TORONTO — The federal government has revoked the citizenship of an Islamic extremist who masterminded a plot to bomb downtown Toronto in an effort to terrorize Canadians and cripple the economy.
A member of the so-called Toronto 18, Zakaria Amara was sentenced in 2010 to life in prison with no chance of parole until 2016 after admitting his role in the plan aimed in part at forcing Canadian soldiers to leave Afghanistan.
Following a National Post report today saying Amara's citizenship had been pulled, Defence Minister Jason Kenney sent a tweet describing him as a man who hated Canada so much that he "forfeited his own citizenship" by plotting to murder hundreds of Canadians.
Police thwarted the plot when they arrested Amara and 17 other people in the summer of 2006.
In an agreed statement of facts, Crown lawyer Ione Jaffe told court that Amara planned to rent U-Haul trucks, pack them with explosives and detonate them via remote control in the Toronto area.
The Mississauga, Ont., man said the attack, which he planned over three consecutive days to maximize the panic, also involved bombing RCMP headquarters, nuclear-power plants and attacking Parliament.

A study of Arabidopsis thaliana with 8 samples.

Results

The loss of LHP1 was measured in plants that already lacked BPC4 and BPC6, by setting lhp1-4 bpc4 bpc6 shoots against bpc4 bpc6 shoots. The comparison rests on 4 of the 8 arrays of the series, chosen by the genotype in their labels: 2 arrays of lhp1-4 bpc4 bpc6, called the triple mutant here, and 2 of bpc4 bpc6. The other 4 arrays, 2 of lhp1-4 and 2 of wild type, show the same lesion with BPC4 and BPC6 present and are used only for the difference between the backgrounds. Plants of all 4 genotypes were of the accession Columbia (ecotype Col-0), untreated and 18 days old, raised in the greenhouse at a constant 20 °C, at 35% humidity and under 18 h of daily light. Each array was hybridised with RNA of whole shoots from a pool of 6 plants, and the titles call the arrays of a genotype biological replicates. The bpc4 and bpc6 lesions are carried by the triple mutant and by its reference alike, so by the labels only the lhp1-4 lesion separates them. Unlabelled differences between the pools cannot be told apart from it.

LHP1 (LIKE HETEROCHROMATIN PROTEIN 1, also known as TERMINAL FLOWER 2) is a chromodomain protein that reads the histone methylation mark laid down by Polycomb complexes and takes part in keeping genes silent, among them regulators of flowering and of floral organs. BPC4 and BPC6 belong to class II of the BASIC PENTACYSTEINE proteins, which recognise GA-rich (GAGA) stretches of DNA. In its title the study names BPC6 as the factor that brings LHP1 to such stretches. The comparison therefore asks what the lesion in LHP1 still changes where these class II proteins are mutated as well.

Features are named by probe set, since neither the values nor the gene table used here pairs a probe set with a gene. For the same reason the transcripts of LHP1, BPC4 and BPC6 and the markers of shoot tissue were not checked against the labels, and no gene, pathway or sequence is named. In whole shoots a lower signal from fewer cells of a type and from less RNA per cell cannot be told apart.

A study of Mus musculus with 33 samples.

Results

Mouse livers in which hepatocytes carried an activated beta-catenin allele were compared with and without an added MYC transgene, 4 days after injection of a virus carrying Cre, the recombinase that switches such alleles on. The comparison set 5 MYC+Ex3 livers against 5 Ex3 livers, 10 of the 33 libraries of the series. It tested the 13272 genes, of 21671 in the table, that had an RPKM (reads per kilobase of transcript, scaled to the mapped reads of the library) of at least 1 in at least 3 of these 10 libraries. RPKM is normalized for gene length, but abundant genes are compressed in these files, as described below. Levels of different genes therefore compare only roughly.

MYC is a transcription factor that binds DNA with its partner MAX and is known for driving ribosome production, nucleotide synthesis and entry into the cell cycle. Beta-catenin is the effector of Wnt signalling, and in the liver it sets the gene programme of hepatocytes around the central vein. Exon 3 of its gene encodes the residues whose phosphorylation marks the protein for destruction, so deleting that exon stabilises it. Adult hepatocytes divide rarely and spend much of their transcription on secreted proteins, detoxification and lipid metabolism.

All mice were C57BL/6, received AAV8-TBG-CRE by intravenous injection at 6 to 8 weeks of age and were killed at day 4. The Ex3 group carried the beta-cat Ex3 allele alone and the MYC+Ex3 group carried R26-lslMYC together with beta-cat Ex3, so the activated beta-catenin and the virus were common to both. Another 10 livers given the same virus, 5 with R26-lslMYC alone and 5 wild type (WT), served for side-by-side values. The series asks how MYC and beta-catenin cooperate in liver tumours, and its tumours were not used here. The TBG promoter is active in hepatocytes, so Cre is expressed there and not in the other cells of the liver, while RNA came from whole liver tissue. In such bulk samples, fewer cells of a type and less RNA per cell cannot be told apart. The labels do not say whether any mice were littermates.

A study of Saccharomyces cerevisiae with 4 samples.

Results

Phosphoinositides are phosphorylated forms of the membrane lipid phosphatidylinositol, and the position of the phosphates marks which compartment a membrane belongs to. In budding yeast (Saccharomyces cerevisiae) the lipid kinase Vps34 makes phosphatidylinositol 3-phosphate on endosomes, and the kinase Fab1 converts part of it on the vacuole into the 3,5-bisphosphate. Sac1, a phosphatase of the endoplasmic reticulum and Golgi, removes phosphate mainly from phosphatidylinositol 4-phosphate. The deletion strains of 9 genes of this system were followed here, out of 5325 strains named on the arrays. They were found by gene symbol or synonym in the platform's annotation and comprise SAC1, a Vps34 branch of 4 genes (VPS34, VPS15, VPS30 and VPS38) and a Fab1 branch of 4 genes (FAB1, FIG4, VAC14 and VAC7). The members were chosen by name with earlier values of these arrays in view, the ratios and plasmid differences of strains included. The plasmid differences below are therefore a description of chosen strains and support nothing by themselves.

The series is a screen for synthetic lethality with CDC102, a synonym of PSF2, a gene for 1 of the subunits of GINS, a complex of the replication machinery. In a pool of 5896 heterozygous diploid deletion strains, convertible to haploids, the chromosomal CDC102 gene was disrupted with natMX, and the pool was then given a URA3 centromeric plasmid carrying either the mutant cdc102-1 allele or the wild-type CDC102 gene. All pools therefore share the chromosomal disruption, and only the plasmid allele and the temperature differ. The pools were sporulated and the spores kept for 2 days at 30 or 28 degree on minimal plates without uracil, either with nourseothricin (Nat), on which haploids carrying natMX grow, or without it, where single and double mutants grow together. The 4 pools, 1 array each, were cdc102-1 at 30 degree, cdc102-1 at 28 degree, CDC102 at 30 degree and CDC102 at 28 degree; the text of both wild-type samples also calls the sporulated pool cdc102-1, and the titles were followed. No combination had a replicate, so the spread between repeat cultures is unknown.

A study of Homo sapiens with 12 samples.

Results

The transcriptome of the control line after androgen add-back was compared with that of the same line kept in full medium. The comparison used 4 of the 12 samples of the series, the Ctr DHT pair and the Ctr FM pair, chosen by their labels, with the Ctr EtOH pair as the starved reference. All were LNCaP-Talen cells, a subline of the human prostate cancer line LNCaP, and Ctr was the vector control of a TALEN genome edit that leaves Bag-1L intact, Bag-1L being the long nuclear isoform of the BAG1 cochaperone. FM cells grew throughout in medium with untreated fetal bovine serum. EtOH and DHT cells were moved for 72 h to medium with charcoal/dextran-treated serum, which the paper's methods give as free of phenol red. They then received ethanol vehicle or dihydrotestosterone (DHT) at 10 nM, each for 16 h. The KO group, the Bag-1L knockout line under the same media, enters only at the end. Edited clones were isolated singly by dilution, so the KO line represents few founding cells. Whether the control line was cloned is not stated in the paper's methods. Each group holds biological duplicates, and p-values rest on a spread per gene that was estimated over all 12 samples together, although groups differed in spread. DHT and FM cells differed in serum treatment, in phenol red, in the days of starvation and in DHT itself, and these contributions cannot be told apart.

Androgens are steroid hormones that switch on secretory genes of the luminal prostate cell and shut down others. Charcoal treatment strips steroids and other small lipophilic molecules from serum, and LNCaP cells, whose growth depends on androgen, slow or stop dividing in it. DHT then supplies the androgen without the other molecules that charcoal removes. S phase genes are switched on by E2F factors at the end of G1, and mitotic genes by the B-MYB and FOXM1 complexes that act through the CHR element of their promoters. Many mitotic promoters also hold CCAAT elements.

The group also considered attacking the Sears Tower in Chicago or UN headquarters in New York three months after the proposed "Battle of Toronto," court heard.
"This man hated Canada so much, he planned on murdering hundreds of Canadians," Kenney tweeted today. "He forfeited his own citizenship."
Amara, who was married with one child at the time, planned to flee to Pakistan around the time of the blast and then move onto Afghanistan.
He also admitted to a leadership role in organizing a winter camp north of Toronto in December 2005 in which "recruits" were given basic combat training along with indoctrination in the extremist jihadi cause.
On several calls with his confidantes, Amara acknowledged that he risked a lengthy jail term but said he "won't feel sorry" if arrested as long as he had "tried his best."
Through an undercover police agent, Amara attempted to buy large quantities of ammonium nitrate — commonly used in fertilizer — and other chemicals to build the bombs, court heard.
Police pounced on June 2, 2006, when an undercover agent delivered 120, 25-kilogram bags labelled ammonium nitrate but containing a harmless substance to a warehouse in Newmarket, Ont., rented by the plotters.
RCMP explosives experts determined a one-tonne truck bomb would have caused "catastrophic" damage to a high-rise building 30 metres away and death and injury to anyone nearby.
Amara pleaded guilty to two counts — knowingly participating in a terrorist group, and intending to cause an explosion that could kill people or damage property for the benefit of a terrorist group.